Southeast Asia may be a beacon of growth for media owners and advertisers alike, but Indonesia, its largest economy, is in a league of its own.
A new report from Media Partners Asia (MPA) called Indonesia’s Television Industry – The Next Five Years, shows combined TV advertising and subscription revenues galloping along at an 18% five-year compound annual growth rate (CAGR) from 2011 to 2016, leaving other Southeast Asian TV markets in the dust.
The ad market as a whole meanwhile is expanding at a 15% CAGR, according to analysts from MPA, publisher of Asia Media Journal, making Indonesia the fastest moving of Asia-Pacific’s top 15 ad markets.
MNC in the vanguard
Leading the charge is media conglomerate MNC Group, enjoying a dream start to 2012 with two of its terrestrial channels topping the ratings much of February and March.
MNC’s usual top-tier rivals such as SCTV and TransTV seem to have lost some of their mojo, but this time it’s not MNC’s traditional lead channel RCTI with the biggest audience share but RCTI’s younger sibling, MNCTV.
A former mid-tier channel that ranked fifth in audience share last year, MNCTV is enjoying a repositioning and the fruits of a new partnership with production house MD Entertainment, which used to turn out hits for RCTI’s archrival, SCTV.
Having tasted success for MNCTV, MNC Group management want to keep it that way, upping the stakes for rivals such as Emtek, which owns SCTV, and Para Group, which owns Trans.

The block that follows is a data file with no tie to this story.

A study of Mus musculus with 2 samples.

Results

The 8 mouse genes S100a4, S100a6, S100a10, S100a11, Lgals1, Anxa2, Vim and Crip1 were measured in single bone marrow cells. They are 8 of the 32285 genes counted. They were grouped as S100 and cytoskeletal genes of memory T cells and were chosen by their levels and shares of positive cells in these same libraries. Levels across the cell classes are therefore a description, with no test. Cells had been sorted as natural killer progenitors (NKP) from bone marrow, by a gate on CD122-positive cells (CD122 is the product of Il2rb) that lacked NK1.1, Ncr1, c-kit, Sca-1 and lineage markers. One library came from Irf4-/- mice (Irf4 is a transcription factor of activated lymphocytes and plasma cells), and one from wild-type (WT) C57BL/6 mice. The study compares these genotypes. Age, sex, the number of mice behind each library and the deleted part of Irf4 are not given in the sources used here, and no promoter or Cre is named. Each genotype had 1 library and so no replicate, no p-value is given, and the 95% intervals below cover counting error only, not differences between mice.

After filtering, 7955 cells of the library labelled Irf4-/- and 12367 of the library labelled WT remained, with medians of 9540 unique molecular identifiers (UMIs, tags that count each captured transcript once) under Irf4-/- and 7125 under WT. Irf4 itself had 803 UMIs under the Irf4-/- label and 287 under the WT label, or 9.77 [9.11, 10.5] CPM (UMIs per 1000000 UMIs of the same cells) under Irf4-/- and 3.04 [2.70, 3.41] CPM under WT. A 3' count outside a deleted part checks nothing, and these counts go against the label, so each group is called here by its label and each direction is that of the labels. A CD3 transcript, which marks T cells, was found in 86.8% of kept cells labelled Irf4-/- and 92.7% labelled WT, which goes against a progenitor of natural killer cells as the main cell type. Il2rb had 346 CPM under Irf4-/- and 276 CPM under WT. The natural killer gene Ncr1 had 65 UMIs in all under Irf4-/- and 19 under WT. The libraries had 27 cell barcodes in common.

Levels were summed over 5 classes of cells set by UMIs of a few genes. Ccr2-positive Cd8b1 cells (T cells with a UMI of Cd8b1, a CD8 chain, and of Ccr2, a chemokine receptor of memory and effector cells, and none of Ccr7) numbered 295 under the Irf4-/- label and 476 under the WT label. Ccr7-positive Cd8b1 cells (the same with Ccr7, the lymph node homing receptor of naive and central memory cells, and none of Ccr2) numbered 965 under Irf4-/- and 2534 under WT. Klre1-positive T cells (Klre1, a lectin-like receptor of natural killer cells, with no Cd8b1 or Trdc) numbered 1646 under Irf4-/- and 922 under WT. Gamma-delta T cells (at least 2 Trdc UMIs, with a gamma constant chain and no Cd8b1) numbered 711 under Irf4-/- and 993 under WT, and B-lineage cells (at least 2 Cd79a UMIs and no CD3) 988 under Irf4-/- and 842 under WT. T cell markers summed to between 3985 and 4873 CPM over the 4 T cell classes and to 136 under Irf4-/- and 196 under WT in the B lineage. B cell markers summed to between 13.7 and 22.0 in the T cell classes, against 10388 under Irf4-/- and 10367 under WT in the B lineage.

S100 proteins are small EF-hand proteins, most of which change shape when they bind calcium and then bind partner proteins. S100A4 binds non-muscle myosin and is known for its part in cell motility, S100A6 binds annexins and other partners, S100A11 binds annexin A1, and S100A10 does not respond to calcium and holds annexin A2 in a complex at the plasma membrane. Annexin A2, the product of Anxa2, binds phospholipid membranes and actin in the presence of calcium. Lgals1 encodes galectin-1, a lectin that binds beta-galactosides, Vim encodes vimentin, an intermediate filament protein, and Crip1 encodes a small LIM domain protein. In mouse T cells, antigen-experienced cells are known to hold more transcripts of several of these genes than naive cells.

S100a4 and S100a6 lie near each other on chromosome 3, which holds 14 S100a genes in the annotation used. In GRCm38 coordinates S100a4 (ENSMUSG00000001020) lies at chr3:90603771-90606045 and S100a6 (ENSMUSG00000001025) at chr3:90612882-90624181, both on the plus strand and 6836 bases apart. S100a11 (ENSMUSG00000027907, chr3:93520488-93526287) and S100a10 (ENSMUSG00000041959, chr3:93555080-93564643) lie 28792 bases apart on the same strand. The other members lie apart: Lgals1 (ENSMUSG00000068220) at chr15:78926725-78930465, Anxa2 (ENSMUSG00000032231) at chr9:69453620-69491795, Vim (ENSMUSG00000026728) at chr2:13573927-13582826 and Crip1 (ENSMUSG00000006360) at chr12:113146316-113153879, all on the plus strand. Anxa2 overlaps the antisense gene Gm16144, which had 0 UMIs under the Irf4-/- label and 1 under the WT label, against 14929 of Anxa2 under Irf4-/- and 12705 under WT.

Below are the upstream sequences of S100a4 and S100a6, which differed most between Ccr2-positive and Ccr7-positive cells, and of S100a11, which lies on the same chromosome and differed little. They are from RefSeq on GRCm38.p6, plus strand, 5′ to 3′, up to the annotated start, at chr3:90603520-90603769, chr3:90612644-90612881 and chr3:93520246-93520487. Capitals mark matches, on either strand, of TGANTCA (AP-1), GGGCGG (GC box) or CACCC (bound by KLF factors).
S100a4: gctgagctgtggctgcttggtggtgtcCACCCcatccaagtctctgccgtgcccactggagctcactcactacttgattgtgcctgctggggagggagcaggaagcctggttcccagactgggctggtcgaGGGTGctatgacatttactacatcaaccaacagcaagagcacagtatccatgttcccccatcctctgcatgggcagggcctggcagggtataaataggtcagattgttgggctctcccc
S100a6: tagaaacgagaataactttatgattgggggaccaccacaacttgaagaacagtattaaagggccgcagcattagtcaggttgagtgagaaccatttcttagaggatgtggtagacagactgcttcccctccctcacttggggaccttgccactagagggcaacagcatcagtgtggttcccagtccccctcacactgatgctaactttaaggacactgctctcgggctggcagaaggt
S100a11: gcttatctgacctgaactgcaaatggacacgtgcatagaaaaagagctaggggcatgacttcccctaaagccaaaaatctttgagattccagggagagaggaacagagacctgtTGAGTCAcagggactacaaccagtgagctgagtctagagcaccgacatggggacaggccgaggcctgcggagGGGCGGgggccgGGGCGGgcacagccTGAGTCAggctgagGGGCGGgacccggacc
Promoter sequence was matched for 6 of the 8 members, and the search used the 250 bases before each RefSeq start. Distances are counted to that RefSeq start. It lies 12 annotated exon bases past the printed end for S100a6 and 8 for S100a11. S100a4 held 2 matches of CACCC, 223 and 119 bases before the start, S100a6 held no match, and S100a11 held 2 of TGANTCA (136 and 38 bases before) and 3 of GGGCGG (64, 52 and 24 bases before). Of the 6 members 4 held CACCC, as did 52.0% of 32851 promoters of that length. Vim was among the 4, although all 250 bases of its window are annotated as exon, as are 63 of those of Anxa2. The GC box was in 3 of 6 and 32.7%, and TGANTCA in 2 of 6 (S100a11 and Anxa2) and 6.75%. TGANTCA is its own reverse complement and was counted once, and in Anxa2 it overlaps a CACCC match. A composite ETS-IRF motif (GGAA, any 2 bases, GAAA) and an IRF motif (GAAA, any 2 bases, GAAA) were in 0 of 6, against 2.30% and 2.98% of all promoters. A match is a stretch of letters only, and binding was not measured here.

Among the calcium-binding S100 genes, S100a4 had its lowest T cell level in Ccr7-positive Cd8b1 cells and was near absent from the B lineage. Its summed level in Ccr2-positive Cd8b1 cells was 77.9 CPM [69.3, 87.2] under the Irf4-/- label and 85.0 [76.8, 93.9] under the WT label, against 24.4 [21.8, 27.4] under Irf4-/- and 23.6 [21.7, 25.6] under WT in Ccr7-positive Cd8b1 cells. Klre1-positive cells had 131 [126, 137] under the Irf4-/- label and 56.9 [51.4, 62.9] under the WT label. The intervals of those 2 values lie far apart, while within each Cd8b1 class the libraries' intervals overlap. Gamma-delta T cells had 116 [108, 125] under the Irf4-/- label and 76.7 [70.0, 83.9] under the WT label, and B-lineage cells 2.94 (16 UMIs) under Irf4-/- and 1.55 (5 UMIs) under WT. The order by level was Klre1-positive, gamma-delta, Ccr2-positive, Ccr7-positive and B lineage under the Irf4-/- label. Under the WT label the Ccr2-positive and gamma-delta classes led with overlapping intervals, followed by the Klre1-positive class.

Emtek added another national channel to its portfolio after taking over Indosiar last year, but the company, a free cash machine run as a tight ship, will have to loosen its margins, the industry’s highest, to compete.
Para Group has also enjoyed greater momentum with its former mid-tier channel Trans 7 of late, partly because the channel inherited some successful formats and shows that TransTV shed in a bid to stay fresh.
With RCTI set to launch a localized version of international reality format X Factor, more expensive to make on a per-hour basis than drama, the costs of providing winning content is rising, with major players, also including Bakrie Group-backed Viva with two national channels of its own, ramping up spend on content and production.
Ratings success however will turn these costs into a sound investment. Free-to-air TV, seen by advertisers as a cost effective way to build brands and drive sales, should benefit most from Indonesia’s consumption-led boom, on track to become a US$2.5 billion revenue engine by 2016, compared with US$0.8 billion for pay-TV.
However, while a limited number of broadcast licences is a barrier to new entrants, competition in pay-TV has become fiercer, with a staggering 130 licenses in play.
Half a million Indonesian households signed up for a pay-TV service for the first time last year, the highest rate of industry growth since the late 90s, a testament to the benefits of competition in a market where just 5% of TV homes are pay-TV subscribers, forecast to rise to 14% by 2016.
Most of the new customers however, are still opting for market leader MNC through a DTH offering called Sky Vision, reaping the rewards of a sustained multi-year investment in content and infrastructure.
MNC’s success is based on a classic business model of subsidizing the set-top box to encourage subscriber loyalty, but Sky Vision’s clear lead leaves little room for rivals to follow suit.
Recent entrants are trying out alternative strategies instead, either cheaper mass market DTH services with more basic packs or premium cable offerings bundled with broadband.
Content remains key, as ever, with many players expressing an interest in co-production ventures with the likes of Disney, HBO, News Corp and Viacom – opening a door for international companies to capitalize more directly in Indonesian growth too.
For Indonesia’s rising middle class, the golden age of TV could be just about to begin.